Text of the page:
Seeing things as they are
F. A. Lea on the imaginative vision of G. K. Chesterton
While clearing off some bookshelves in a corner of my basement, I came across a little hardback volume by F. A. Lea (1915-1977) titled The Wild Knight of Battersea: G. K. Chesterton. First published in 1945, the book was completed during the early months of the Second World War. In 2019 it was reprinted by Wipf and Stock in a paperback edition. It was originally part of a series published by James Clarke & Co. called “Modern Christian Revolutionaries,” which also included studies of the work of Søren Kierkegaard, Eric Gill, C. F. Andrews, and Nicolas Berdyaev.
Lea is critical of some aspects of Chesterton’s social and political ideas. For example, he thinks that Chesterton’s rejection of pacifism was “his greatest mistake. Pacifism was, we believe, the logical outcome of both his politics and his patriotism; and it was more than that: it was the natural consummation of his ethics.”
But on the whole, Lea admires Chesterton’s thought and his style, judging his greatest strength to be his literary criticism. “Chesterton possessed the direct, imaginative vision of a child, and it is this that makes his greatness, as it does that of nearly all really great men: for the power to see things, not as we have been brought up to see them, nor as our preconceived theories demand that we should see them, but as they actually are, is the privilege of creative genius. Many have seen that this is true in the realm of art; and it was in that realm that Chesterton himself most often emphasized the truth.”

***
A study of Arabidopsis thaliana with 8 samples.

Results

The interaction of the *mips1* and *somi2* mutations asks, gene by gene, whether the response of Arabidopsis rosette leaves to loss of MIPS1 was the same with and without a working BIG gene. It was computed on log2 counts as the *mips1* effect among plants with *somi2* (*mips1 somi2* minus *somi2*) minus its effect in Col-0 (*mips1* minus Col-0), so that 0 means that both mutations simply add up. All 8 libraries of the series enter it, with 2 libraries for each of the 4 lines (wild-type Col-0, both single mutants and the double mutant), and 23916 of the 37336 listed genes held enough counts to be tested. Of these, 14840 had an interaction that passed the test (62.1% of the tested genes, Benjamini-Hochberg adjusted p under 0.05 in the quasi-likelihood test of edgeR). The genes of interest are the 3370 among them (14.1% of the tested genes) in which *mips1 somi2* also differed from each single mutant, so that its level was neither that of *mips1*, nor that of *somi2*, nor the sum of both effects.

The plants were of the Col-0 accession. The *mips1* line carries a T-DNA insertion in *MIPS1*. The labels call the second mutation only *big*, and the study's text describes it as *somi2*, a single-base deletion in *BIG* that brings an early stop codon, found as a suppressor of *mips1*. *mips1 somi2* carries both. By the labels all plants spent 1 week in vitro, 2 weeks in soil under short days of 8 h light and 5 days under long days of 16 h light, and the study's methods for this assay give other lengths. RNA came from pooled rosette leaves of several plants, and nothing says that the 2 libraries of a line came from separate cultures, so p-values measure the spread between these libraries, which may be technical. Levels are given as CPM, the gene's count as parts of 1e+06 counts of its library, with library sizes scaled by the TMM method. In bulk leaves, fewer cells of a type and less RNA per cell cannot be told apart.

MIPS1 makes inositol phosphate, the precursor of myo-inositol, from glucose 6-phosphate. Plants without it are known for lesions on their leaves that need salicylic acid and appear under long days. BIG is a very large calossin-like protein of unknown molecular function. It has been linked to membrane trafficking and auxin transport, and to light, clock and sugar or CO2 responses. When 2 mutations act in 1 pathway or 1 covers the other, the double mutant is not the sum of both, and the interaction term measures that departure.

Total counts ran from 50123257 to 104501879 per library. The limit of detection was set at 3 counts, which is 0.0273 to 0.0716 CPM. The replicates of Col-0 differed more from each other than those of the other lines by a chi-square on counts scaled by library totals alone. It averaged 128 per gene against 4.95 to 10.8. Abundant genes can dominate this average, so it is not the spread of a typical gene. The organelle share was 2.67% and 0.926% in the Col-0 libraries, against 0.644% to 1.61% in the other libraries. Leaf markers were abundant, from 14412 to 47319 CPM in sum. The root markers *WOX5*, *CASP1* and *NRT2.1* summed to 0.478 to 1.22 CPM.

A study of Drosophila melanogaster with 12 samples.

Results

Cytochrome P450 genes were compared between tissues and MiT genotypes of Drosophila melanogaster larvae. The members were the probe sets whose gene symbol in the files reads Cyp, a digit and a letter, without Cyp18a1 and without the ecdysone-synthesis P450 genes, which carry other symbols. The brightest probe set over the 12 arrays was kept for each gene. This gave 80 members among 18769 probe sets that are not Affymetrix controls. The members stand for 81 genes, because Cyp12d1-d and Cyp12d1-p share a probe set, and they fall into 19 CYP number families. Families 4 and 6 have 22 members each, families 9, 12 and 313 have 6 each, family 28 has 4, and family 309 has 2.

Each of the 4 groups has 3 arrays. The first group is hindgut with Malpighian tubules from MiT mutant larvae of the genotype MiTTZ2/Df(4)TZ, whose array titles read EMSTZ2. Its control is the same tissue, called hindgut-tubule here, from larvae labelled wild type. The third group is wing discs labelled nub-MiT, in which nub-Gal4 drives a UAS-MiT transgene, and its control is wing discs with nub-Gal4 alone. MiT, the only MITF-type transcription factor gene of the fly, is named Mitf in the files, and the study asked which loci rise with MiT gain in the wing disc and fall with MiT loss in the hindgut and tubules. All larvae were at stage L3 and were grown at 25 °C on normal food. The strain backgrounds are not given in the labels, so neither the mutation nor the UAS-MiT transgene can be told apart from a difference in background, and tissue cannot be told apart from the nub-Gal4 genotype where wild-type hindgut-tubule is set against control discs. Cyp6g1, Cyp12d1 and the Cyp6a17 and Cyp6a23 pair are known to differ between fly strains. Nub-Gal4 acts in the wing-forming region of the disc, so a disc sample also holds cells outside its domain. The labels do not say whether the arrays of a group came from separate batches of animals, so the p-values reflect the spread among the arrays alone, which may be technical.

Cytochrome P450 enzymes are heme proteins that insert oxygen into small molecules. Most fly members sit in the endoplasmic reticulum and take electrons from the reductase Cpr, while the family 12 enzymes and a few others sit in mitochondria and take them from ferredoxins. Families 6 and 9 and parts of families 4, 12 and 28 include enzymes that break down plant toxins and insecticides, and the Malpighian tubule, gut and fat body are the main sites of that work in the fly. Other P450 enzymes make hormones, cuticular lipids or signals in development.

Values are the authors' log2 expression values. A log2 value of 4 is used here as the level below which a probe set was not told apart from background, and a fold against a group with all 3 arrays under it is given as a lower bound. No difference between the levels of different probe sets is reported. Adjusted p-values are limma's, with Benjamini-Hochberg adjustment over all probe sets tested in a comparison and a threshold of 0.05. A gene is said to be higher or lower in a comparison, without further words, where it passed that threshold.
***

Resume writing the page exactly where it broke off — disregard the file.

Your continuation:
Several pages later, Lea describes the characteristic imaginative vision that is present in Chesterton’s writing:
“Chesterton the philosopher is one of the most captivating, and at the same time one of the most bewildering writers in the world. To open any one of his books is to be caught, as securely as a fly in a spider’s web — only rather more pleasantly. Imagine yourself, like a fly, entangled in a web. You are held by a mesh of interwoven threads, all glittering with dew-drops, all stretching far away to some end beyond your sight; you are aware of a pattern uniting them, but what it may be you have no idea. You try to free yourself. If you are impatient you begin by fluttering about, buzzing frantically — and find yourself all the more firmly held. Then you consider the best means of unraveling the knot. The first necessity is to find an end; and with that view you start following one of the threads that envelop you. But as with the threads composing a web, so with the strands of Chesterton’s thought: if you want to find an end, you must needs wind all round the spiral until you reach the middle. Only when you have found that will you be able to break away — and the middle happens also to be the one place from which you may discern the pattern of the whole.
“Chesterton spent a lifetime arguing (he said once that his occupation in life was ‘catching flies’); he threw out his lines of argument in every direction: but he always threw them out from the same standpoint. It was the standpoint of an imaginative vision. There is no direct communication of that vision in his works. What there is is an endless series of rationalizations of its component parts (the rationalization of the whole being thomist). If we wish to share the vision, therefore, we must follow the arguments; but we shall in all probability be unable to follow the arguments unless we share the vision, in some measure, already. ‘To him that hath shall be given, and from him that hath not shall be taken away, even that which he hath.’
“This is a paradox. But things discerned by the imagination can only be formulated, intellectually, by means of paradoxes. That is why Chesterton’s own writing abounds in them. The body of his wit is paradoxical, because the soul of it is truth. That is why, also, some of his most brilliant epigrams were made to crystallize the views of other imaginative men, the most brilliant of them all to crystallize those of the most imaginative of them all. The marriage of wit and insight in his remark concerning Middleton Murray — ‘He is a voice crying in the wilderness, “There is no God, and Marx is his prophet”’ — was surely made in Heaven.”